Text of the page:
To understand the complex duality of views that exists when it comes to the current wave of sexual assault and harassment allegations, it is worth considering two messages received by People Management from female HR professionals responding to a request for views and experiences from readers.
One detailed “unwanted sexual comments” that are largely unprintable but were received by one individual in her workplace, relating to her need for a “good seeing to”, among other insults. The other lamented the end of “good banter and fun”, concluding: “These days you are afraid to say anything… the whole thing has gone too far.”
To condemn outright harassment is easy, and necessary. But to untangle the multifaceted web of human interactions that make up an organisation, promoting inclusion and opportunity while also upholding fairness, is more complicated. Yet that is exactly what the months since the start of the #MeToo movement have been all about – and HR professionals have been on the front line.
For employment lawyer Samantha Mangwana, a partner at CM Murray who specialises in sexual harassment and discrimination cases, #MeToo was an ‘unburdening’. Harassment in workplaces existed long before the movement took hold; but the unifying power of the hashtag, fuelled by social media, brought new recognition to issues that had previously been isolated.
“People were coming forward to lend credence to accusations, so those women would be believed and their stories justified,” she says. “There was a catharsis – often people had kept stories a secret as they didn’t see the value in pursuing what was already a difficult situation, and thought ‘why make it worse?’”
This is a significant change. Traditionally, says Mangwana, harassment would be a background issue to matters of dismissal, maternity leave, or failure to promote. Harassment and assault place a heavy burden on the individual, who must prove their case in a system where complicated situations are often reduced to ‘he said, she said.’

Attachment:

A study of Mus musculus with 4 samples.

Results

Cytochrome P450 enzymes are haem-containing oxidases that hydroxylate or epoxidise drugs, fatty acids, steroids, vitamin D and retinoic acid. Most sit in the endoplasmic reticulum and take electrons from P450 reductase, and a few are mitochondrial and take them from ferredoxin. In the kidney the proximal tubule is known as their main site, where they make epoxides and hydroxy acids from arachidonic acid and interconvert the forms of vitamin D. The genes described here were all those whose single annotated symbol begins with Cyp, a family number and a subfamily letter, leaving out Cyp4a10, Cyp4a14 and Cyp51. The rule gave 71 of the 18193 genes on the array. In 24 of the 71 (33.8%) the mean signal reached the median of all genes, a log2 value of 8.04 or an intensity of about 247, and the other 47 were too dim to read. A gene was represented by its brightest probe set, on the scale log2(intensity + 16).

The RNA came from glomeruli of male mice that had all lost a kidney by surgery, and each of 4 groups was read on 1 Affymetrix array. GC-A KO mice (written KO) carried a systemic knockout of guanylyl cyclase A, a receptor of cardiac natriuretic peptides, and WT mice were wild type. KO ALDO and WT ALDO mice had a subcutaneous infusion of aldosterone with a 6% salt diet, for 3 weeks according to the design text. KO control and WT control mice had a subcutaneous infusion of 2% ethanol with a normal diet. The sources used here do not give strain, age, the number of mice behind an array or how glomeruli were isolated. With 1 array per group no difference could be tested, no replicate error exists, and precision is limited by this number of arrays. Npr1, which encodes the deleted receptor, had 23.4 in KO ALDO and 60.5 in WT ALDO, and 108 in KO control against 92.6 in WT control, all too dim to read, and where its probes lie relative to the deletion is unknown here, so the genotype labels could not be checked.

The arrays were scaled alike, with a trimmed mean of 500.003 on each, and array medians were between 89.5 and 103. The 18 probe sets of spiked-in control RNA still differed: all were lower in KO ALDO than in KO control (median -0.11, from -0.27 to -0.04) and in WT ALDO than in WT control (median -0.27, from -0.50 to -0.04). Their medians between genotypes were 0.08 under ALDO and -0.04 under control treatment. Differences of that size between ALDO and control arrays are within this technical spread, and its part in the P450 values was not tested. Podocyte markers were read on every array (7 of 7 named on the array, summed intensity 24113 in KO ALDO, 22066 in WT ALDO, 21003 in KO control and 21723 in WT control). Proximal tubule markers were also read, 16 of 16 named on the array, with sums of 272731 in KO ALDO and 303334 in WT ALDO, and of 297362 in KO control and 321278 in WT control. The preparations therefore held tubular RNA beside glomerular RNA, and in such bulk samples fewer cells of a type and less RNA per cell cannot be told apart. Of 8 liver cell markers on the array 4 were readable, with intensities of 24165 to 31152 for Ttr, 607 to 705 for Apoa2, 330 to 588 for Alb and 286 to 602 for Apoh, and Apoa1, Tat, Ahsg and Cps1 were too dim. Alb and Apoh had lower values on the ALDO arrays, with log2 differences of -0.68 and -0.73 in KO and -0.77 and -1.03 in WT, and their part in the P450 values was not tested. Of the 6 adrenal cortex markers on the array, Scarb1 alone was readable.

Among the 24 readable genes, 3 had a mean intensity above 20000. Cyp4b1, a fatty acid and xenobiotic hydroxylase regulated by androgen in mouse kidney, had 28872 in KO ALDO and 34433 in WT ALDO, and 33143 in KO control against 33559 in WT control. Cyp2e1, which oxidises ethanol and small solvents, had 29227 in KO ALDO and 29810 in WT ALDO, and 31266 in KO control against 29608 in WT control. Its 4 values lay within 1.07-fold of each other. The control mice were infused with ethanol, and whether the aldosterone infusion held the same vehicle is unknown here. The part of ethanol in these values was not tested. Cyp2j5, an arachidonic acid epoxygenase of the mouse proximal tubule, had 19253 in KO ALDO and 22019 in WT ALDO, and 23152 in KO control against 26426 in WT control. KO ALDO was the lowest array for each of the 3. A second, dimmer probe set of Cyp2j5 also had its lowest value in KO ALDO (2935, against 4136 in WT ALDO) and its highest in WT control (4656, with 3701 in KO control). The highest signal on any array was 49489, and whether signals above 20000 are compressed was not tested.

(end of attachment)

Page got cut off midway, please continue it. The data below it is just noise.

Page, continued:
But since last December, when “seemingly unrelated issues and events started to topple like a row of dominoes”, Mangwana has been contacted by both women and men in increasing numbers. In particular, she sees instances of free-standing harassment that have a career-limiting impact: “Situations where people can no longer work together because the harassment was so awful… they are cases that could have come in before, but more people are ready to come forward now.”
She has also seen an increasing number of women engaging with and calling out harassment in their organisations, something she describes as “completely different to the entirety of [her] practice until now.”
“When female clients come in to complain about discrimination they are switched on to the issues in their firm. They know whether they have been through training or not, they know about their pay data,” she says. “Equally, organisations dealing with these issues are much more acutely sensitive – you could say in a cynical way – to the adverse PR of getting this wrong.”
But while the dialogue may have inspired debate and left greater numbers of people feeling empowered to share their stories of harassment, the value of #MeToo will only be reflected in the progress organisations make in changing workplace behaviours for the better. An online survey from People Management carried out in August found almost 75 per cent of respondents had not altered any policies relating to sexual harassment in the previous six months. More than half (58 per cent) said their workplace culture had not improved as a result of increased scrutiny on sexual harassment-related issues – suggesting relatively few organisations are taking practical actions.